New investment fund aims to catch wave of interest in Cuba
Aiming at wealthy individual investors, the Amsterdam-based conglomerate Romar group has launched aprivate investment fund for Cuban undertakings.
Initiated by the Romar group which has had many years of operating in Cuba, the Cuba Financial Fund is a separate entity with its own organization and governance.
“As Cuba is seeking more and more foreign investments in all areas of business — leisure, industry, transport, agriculture — we have started the development of an investment fund that aims to work side by side with Cuba to develop projects,” Romar’s Eric Tolsma says.
Principal Ronald Buijk says the fund is aiming at high net-worth individuals as investors.
Romar group, which is active in equipment sales, development, trading, finance and logistics in Latin America, Africa and Eastern Europe, has kept a low profile during the almost 20 years it has done business in Cuba, but the family-owned company is now emerging as an important link with the island for investors.
Romar’s development arm, Q Hospitality, is negotiating construction of four hotels, one each in Havana, Viñales, Trinidad and Santa Lucía. Plans also include construction of a 80-mw wind farm in Cuba. However, its most ambitious project is a marina and real estate development at Tarará, just east of Havana.
Romar began planning on Tarará two-and-half years ago. The company expects to expand a 270-yacht marina and renovate hotels at the gated luxury community in East Havana that was mainly built in the 1940s by American Royal S. Webster.
The project is currently on hold as the city of Havana is evaluating its overall development strategy, which includes the area of Tarará.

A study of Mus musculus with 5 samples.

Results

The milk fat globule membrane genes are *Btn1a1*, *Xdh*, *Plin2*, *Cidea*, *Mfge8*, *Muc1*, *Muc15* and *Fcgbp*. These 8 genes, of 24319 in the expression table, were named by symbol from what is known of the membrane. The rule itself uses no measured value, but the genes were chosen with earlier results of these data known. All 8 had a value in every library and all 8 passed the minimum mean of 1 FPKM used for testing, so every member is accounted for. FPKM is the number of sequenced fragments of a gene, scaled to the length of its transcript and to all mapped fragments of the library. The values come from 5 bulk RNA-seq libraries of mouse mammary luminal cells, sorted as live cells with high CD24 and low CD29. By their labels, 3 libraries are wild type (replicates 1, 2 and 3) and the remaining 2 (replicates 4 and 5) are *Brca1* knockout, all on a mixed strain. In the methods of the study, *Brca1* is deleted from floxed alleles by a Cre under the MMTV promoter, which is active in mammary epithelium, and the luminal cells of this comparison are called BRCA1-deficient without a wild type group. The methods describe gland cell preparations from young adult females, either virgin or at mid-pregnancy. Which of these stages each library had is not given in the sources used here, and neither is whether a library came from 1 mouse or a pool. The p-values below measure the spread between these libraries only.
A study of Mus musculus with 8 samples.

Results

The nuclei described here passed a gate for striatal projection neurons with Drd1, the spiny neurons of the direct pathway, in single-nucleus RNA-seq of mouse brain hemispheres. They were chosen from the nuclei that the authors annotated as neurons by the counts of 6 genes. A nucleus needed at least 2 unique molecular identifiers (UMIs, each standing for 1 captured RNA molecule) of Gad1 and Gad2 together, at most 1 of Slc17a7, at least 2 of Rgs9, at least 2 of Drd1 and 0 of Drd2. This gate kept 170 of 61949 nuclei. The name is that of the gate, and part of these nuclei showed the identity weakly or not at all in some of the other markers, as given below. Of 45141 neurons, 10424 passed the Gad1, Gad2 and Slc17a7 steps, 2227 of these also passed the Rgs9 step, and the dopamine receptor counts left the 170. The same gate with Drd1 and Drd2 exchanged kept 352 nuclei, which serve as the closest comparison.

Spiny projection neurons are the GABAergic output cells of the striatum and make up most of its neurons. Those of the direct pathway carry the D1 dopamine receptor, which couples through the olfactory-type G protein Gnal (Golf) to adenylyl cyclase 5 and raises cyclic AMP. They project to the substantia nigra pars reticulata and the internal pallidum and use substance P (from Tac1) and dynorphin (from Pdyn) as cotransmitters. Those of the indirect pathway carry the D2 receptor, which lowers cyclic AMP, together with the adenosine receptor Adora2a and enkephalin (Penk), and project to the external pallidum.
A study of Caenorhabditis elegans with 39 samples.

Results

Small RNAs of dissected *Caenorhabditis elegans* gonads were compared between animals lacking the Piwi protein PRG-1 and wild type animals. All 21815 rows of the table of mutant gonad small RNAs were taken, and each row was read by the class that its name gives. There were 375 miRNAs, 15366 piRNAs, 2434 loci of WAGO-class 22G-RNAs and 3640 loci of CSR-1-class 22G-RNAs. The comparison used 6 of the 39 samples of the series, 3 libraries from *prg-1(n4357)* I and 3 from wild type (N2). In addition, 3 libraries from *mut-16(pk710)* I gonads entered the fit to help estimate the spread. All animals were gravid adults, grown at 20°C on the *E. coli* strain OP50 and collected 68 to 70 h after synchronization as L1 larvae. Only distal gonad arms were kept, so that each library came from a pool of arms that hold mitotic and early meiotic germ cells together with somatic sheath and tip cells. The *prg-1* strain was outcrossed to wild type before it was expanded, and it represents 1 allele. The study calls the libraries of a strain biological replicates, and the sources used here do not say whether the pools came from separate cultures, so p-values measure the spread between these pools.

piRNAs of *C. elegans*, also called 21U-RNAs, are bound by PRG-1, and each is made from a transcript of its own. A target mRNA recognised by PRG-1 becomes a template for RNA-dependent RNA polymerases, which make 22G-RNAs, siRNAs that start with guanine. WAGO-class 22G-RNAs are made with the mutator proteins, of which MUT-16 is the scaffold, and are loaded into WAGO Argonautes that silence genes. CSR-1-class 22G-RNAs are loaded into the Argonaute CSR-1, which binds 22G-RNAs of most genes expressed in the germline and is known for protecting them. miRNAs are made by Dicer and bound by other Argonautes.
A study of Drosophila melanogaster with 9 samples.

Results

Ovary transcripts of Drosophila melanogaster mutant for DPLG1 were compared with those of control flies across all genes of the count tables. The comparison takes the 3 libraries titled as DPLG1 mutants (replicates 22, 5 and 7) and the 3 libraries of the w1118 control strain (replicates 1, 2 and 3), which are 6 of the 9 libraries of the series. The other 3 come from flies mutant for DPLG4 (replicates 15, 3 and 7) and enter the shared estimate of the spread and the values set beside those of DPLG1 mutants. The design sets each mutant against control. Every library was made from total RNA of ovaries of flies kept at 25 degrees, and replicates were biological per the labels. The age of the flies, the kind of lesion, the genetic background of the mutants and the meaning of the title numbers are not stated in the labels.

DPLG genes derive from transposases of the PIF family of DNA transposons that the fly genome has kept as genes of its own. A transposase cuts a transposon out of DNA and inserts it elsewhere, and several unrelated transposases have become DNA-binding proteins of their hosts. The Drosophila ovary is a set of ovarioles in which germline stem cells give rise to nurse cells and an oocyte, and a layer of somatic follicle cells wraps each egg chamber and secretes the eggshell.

The first phase of the project includes dredging, rebuilding and expanding the marina, and renovating an existing motel, official business weekly Opciones reported last year. Romar’s long-term plans include construction of a pier for mega-yachts, hotel and aparthotel, bungalows, condominiums, restaurant, bars, shops, and an 18-hole golf course.
The architect for the project is Roberto Meyer, owner of MVSA International B.V., a high-profile architecture firm in the Netherlands.
Tarará, which includes 400 homes, a motel, beach, marina, cultural center, cafeteria, hard-currency store, Che Guevara museum and pool, was started by U.S. real estate developers in the 1920s. It acquired its current modernistic look in the 1940s, when most homes in the compound were built. Just after the revolution, Che Guevara cured his asthma here; in the 1970s, the government turned Tarará into a young pioneer camp; in the 1990s, the compound hosted Ukrainian children sickened by the Chernobyl nuclear disaster, and most recently, it became temporary home for Venezuelan patients of the Operación Milagro eye surgery program.
Lack of resources caused buildings and other infrastructure to decay in the 1990s.
In 2001, state companies Cubanacan and Cubalse were put in charge to renovate the compound, add a hotel and other tourism infrastructure, and re-do the street grid. On April 1 this year, state holding Corporación CIMEX took over Residencial Tarará, after the government dissolved Cubalse S.A.